House Bill 1019 and Common Construction Wage: Everything You Need to Know

With the recent decision by the Indiana House who voted 55-41 to repeal Indiana’s law for setting wages on public construction projects, the general public may not quite be aware of what this means, who this effects and what this means for the Northwest Indiana, as well as the entire state of Indiana. No matter your working background, House Bill 1019 and the Common Construction Wage Law are issues that affect all Indiana residents and should be known by everyone who invests in Indiana’s future.

What is House Bill 1019?

House Bill 1019 is a bill designed to repeal the 80-year-old Indiana Common Construction Wage Law. This law was originally designed to keep out-of state contractors with lower-skilled workers coming to Indiana and upsetting the balance of local contractors on state-funded construction projects.

“While this may seem to some people like a debate between state legislature and labor, this is not the case,” says Michelle Boyd, Executive Director of the Indiana Building Contractors Alliance. “This is a business issue plain and simple, one that could impact thousands of construction businesses and local communities in Indiana.”

Who is Involved? Representing the businesses that are at risk of being affected by these laws is the Indiana Building Contractors Alliance (IBCA). IBCA currently represents 4,000 contractors and workers who support the act of maintaining the current Common Construction Wage Law.

What is the Common Construction Wage in Indiana?

The Common Construction Wage Law lets local Indiana communities determine wages to pay on public projects and construction projects within the area. The wages are determined and established by a five person committee which consists of various taxpayers, industry experts and the agency currently involved in building the project. This committee determines these wages based on past wages construction workers have been paid in that county.

Currently over 4,000 Indiana Contractors support the Common Construction Wage. Indiana specific studies show evidence that CCW increased the Indiana economy by $700 million, with workers on various projects contributing nearly $21 million in taxes. The CCW also allows for a new generation of workers to be properly trained and become a productive member of the workforce through internships and apprenticeship training. By having more skilled workers, this leads to increased productivity and reduces project waste and human errors.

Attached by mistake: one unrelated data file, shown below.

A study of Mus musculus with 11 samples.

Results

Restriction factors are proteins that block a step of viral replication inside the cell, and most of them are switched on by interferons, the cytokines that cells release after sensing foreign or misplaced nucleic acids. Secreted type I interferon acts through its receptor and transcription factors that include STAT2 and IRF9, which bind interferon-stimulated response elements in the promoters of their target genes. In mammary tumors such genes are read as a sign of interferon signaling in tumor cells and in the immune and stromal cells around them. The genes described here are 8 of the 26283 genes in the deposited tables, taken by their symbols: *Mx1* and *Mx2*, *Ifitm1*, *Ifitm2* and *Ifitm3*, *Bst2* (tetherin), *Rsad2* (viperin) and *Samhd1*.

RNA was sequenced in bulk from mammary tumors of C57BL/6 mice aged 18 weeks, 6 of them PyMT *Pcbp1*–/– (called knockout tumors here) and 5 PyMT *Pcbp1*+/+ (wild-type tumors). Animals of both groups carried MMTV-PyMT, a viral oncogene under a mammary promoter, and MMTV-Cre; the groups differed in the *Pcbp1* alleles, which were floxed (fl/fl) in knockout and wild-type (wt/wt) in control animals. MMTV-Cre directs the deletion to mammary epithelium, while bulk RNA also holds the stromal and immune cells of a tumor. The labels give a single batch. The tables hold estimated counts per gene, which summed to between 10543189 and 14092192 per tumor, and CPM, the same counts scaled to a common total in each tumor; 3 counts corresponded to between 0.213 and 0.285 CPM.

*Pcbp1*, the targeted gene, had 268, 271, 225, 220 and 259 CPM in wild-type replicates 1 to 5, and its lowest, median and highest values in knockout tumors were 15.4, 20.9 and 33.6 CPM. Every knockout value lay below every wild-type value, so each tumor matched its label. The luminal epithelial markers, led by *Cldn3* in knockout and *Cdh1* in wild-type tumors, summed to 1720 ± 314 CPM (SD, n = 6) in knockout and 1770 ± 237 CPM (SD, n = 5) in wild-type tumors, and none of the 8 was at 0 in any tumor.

“The CCW was originally passed by the legislature at the request of local contractors who requested help against out-of-state contractors bringing in low-wage and low-skilled workers,” says Boyd. “Once the project was finished, they would end up leaving effectively taking both local spending and funding with them.”

Why This Matters

“The CCW effects not only people in construction, but normal residents as well,” says Boyd. “It is essential to have a high-skilled workforce in order for projects to be finished on time and on budget.” Boyd also claims that Indiana businesses of all kinds are in danger of losing revenue and business if this law goes away.

“It’s a trickle-down effect,” says Boyd. “If you take away the skilled workers, projects suffer, as they will not be finished properly and will take longer, both of which will needlessly waste money,” says Boyd. “When you bring in out-of-state workers you drive the wages down and you also lose money to have those programs that train future generations of skilled workers. This means less spending in the economy, this means less businesses being built to help stimulate the economy, and this means everyone suffers.”

What Can I Do?

If you’re interested in showing support against the appeal of this law, whether you have a background in construction or not, you have options to make your voice heard.

“Since this bill is now going to the senate, every Indiana resident can call their state senator and simply tell them that you oppose this bill and that you support Indiana construction workers getting fair wages,” says Boyd.

Boyd and other members who support this law want to not only stress that the issues are strictly a business driven policy, but for the protection of the average construction worker as well.

“All we want is for workers to be paid livable wages that allow them to support a family,” says Boyd.

Boyd claims that it’s difficult to find people to work in construction, especially those who are cut out to handle the demands of a construction job.

Boyd also claims that by opposing this bill, the economy of Indiana can be protected.

“The economy hasn’t completely recovered yet,” says Boyd. “We need to do everything we can to ensure that it’s stable for all Indiana residents.”